Historic Annapolis tavern prepares for comeback

November 02, 1992|By Liz Atwood | Liz Atwood,Staff Writer

Historic Reynolds Tavern, where Annapolis merchants and lawmakers first quenched their thirsts 250 years ago, is set to reopen Nov. 23.

The tavern, painstakingly restored several years ago, has been closed since summer 1989. The new operators, Sandy and Ramsay Stallman, plan to open the tavern for lunch and dinners, featuring American cuisine "with a different twist."

"We're staffing up now," Mrs. Stallman said. Hiring began about two weeks ago.

Business leaders and preservationists have been awaiting the opening of the tavern, which stands on Church Circle in the heart of the historic area. "We're happy the building is going to be used," said Penny Chandler, executive director of the Greater Annapolis Chamber of Commerce. "At a time when positive business happenings are hard to find, this is a positive situation."

Annapolis entrepreneur Paul M. Pearson II carefully restored the tavern in the mid-1980s, analyzing 22 layers of paint to determine the original color and carefully numbering each brick. But delays and cost overruns eventually caused his partnership to default on a $1.4 million loan from Farmers National Bank, which still retains a business interest in the property.

The inn has been empty since then. The bank selected the Stallmans, who operate an Italian restaurant in Montross, Va., to reopen the tavern.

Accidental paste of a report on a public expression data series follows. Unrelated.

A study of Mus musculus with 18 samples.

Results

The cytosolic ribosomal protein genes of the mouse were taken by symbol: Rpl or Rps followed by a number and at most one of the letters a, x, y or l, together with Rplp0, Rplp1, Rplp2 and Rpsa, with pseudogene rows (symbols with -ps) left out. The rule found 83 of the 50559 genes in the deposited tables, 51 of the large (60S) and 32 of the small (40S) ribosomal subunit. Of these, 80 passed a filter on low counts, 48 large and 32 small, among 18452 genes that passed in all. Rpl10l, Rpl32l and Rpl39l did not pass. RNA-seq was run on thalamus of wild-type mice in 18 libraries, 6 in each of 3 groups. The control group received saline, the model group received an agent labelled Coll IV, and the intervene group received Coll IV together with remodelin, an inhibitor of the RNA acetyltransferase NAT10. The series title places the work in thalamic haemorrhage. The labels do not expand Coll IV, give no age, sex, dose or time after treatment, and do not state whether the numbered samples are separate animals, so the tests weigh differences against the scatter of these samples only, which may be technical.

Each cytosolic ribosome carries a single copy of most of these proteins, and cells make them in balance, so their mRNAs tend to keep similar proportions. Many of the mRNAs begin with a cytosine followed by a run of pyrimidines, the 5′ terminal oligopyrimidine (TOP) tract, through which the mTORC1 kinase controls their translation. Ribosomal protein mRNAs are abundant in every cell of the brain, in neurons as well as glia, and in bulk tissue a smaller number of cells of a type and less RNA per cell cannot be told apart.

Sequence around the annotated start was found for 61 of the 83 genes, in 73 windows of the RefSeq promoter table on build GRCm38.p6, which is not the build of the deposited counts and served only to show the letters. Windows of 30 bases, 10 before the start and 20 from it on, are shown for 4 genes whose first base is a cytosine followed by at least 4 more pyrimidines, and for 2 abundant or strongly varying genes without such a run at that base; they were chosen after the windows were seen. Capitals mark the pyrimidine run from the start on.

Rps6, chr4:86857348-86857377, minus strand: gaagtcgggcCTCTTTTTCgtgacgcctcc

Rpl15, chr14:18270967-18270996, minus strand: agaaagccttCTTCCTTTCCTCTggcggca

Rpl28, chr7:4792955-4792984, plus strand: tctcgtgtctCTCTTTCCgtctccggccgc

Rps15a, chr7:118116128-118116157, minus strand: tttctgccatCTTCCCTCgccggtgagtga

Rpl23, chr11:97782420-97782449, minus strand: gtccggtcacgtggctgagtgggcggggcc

"We liked the tavern. We are both history buffs," said Mrs. Stallman. She and her husband, who both have degrees in city planning, are living in the upper rooms of the tavern until they buy a house.

Mrs. Stallman said they had hoped to open the restaurant in mid-October but were delayed by some needed cosmetic repairs.

The red-brick tavern was built in the 1740s by William Reynolds, a prosperous hatter, who named his inn the Beaver and Lac'd Hat. Rumor has it that George Washington was once caught in bed with another man's wife there, but St. Clair Wright, a local preservationist and founding member of Historic Annapolis Foundation, says there is no truth to the story.

The history of the building, though not as titillating, nevertheless is significant, Mrs. Wright said. "There's nothing to equal it," she said.

She said the building is a prime example of Colonial architecture. All of its bricks are placed ends-out, rather than sides-out, which was unusual, she said. On the tavern's third floor is the only known pre-Revolutionary mural in the nation.

The tavern also contains an architectural mystery, Mrs. Wright said. When the building was being renovated several years ago, construction crews discovered a large pit in the basement with brick dividers.

Preservationists took pictures of the pit and sent it to experts in the United States and England, but none of them had ever seen anything like it. Some speculate the pit was a storage area for gunpowder or weapons during the Revolutionary War.

The pit has been filled in with sand to preserve it, but its purpose is still unknown, Mrs. Wright said.

The tavern operated until the early 1800s, when it was purchased by Farmers National Bank and used as a home.

In the 1920s, the building was threatened by plans to tear it down to construct a service station. But a group of preservationists banded together, purchased the building and turned it into a library.

The building was given to the National Trust for Historic Preservation in 1975. Historic Annapolis Foundation leases the tavern from the national trust for $1 a year.